ALJ at Grand Rapids Hearing

On April 23, Administrative Law Judge (ALJ) Ann O’Reilley issued her final report on Enbridge’s proposed Line 3 “replacement” project. Over 400 pages, the document summarizes the enormous quantities of evidence, public comment, and legal argumentation that has been put in the public record as Minnesota has grappled with this issue.

For more information on her report than we will cover here, you can check out this MPR article.

We are happy to say that ALJ O’Reilley acknowledged and affirmed the importance of pipeline abandonment, and its relevance to the proposed new Line 3 project. Chapter VII of the report is dedicated to the issues of Decomissioning, Abandonment, Removal, and In-Trench Replacement – in other words, all the issues that affect us as landowners along the original Line 3.

The ALJ acknowledged that since the pipeline would be deemed “abandoned” under federal law, aside from what the company is ‘promising’ us, “there are no legal requirements that the abandoned pipeline be monitored or maintained by the company” (ALJ Report, p. 284). She goes on to clarify that this essentially leaves the future of the line unaddressed:

“...continued monitoring of abandoned Line 3 will be at Applicant’s sole discretion for as long as Applicant sees fit. In addition, there would be no regulatory oversight to ensure that exposed or problematic abandoned pipe be removed or reburied. Applicant has not presented a plan for monitoring, reburying, or repairing Line 3 should Applicant cease to exist a real possibility considering the hundreds and thousands of years that the pipe will remain in ground if abandoned.

Moreover, Applicant has not committed to continuing monitoring the abandoned Line 3 once the other Mainline lines are out of service. Nor has Applicant agree to re-bury, repair, or remove pipe that becomes exposed, buoyant, or problematic after abandonment has been completed.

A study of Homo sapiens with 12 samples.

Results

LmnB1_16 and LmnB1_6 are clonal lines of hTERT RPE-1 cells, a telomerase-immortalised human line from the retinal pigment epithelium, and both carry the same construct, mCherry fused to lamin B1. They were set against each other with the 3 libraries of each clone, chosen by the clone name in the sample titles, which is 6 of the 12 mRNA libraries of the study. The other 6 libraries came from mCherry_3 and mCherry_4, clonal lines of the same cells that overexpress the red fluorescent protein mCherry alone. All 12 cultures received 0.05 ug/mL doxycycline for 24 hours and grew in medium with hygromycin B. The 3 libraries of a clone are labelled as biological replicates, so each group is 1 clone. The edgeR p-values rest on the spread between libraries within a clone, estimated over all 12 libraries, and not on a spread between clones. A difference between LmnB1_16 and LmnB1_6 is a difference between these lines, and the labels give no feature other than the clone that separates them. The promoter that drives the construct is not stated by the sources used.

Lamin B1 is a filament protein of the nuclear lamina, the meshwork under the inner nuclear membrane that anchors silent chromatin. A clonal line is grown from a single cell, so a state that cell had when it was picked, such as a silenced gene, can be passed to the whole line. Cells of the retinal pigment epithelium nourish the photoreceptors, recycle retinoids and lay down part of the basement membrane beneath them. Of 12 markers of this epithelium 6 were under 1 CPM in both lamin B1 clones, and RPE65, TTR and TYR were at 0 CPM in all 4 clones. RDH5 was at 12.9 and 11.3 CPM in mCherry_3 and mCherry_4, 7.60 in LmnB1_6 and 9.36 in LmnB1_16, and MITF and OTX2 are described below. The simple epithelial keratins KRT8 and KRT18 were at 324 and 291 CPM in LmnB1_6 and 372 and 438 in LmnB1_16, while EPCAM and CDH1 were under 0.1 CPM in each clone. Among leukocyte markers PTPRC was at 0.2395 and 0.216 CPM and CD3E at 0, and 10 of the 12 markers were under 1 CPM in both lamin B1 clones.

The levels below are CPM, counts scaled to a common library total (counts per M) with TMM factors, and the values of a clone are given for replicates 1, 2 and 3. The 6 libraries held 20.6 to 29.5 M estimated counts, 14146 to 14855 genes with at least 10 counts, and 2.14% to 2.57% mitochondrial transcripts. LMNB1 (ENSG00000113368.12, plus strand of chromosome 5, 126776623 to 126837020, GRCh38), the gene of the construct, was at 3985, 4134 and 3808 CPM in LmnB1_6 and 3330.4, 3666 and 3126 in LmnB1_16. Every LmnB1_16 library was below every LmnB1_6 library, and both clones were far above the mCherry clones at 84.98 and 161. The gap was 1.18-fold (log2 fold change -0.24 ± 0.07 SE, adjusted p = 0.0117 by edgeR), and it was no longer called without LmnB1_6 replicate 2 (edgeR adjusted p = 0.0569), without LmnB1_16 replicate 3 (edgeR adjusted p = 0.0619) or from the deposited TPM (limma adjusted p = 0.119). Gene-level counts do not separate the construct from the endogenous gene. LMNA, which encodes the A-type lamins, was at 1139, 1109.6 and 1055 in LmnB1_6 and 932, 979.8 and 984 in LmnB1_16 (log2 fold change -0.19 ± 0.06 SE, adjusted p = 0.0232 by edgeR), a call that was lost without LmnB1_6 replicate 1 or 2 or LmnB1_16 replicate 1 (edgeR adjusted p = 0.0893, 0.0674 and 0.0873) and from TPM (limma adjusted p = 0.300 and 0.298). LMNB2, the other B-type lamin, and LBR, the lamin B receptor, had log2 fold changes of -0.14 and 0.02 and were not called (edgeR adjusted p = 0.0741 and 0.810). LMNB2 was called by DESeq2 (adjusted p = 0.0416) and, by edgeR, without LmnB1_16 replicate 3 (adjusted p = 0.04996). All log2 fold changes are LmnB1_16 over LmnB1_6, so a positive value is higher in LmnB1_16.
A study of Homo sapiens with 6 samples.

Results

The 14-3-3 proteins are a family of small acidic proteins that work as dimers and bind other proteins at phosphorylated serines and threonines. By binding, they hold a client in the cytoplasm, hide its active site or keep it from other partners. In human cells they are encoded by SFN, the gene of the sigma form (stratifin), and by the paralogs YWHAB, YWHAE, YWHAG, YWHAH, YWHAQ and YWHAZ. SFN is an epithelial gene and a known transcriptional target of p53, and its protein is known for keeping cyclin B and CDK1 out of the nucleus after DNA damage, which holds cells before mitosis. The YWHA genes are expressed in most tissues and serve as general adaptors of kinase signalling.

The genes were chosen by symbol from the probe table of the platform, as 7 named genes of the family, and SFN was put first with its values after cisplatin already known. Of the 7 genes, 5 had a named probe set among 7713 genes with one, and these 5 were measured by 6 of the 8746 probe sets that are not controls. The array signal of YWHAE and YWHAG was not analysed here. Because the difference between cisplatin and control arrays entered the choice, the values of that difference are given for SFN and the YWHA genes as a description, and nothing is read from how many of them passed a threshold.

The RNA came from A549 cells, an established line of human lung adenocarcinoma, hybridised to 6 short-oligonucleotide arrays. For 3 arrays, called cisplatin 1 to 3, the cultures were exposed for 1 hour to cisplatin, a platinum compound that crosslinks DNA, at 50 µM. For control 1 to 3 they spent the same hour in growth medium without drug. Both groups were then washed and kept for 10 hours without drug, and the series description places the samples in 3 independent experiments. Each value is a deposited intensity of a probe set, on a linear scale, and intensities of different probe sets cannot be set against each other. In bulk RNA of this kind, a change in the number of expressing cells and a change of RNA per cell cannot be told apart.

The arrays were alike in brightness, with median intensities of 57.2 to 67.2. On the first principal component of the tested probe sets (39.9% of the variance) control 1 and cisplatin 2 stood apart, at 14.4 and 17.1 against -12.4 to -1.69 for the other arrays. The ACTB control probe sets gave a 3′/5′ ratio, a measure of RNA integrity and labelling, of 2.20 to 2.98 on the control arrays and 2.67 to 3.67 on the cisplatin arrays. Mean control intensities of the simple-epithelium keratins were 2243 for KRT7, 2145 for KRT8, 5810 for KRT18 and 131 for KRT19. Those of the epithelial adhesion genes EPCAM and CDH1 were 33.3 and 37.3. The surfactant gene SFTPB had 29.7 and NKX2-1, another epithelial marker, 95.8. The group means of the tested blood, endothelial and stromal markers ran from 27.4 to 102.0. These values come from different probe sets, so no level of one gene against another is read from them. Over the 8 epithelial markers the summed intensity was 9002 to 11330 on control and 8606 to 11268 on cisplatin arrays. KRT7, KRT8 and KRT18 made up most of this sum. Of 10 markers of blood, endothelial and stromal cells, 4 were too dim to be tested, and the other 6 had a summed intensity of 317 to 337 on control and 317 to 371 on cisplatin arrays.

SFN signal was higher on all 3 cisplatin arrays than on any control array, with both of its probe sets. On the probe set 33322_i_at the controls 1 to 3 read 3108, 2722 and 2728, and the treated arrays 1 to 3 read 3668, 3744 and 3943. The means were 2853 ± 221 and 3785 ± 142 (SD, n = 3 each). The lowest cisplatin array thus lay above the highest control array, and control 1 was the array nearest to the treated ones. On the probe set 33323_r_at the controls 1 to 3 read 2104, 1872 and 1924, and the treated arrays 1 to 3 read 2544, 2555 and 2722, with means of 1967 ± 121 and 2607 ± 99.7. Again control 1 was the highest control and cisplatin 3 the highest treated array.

Applicant merely maintains that, as a company, Applicant will remain liable for the line within its purchased easements.” (ALJ Report, p. 284, emphasis added).

O’Reilley also addresses the fact that the abandonment issue is particularly urgent given the large quantities of exposed pipeline along the old Line 3, and the risk that other portions could become buoyant and float up to the surface once oil is no longer running through it:

“There are approximately 8,500 feet of exposed pipe along Existing Line 3. In addition, there are approximately 40 miles of Existing Line 3 that may become buoyant after oil is purged from the line. Applicant has only recently (at the evidentiary hearing) committed to removing the currently exposed portions of Existing Line 3 as part of its decommissioning of Existing Line 3. However, Applicant has no stated plans to remove the potentially buoyant sections of pipe. Thus, absent a condition is placed on a CN or RP, Applicant will have no legal obligation to maintain Existing Line 3 or prevent it from becoming a public or private nuisance” (ALJ Report, p. 384-5, emphasis added).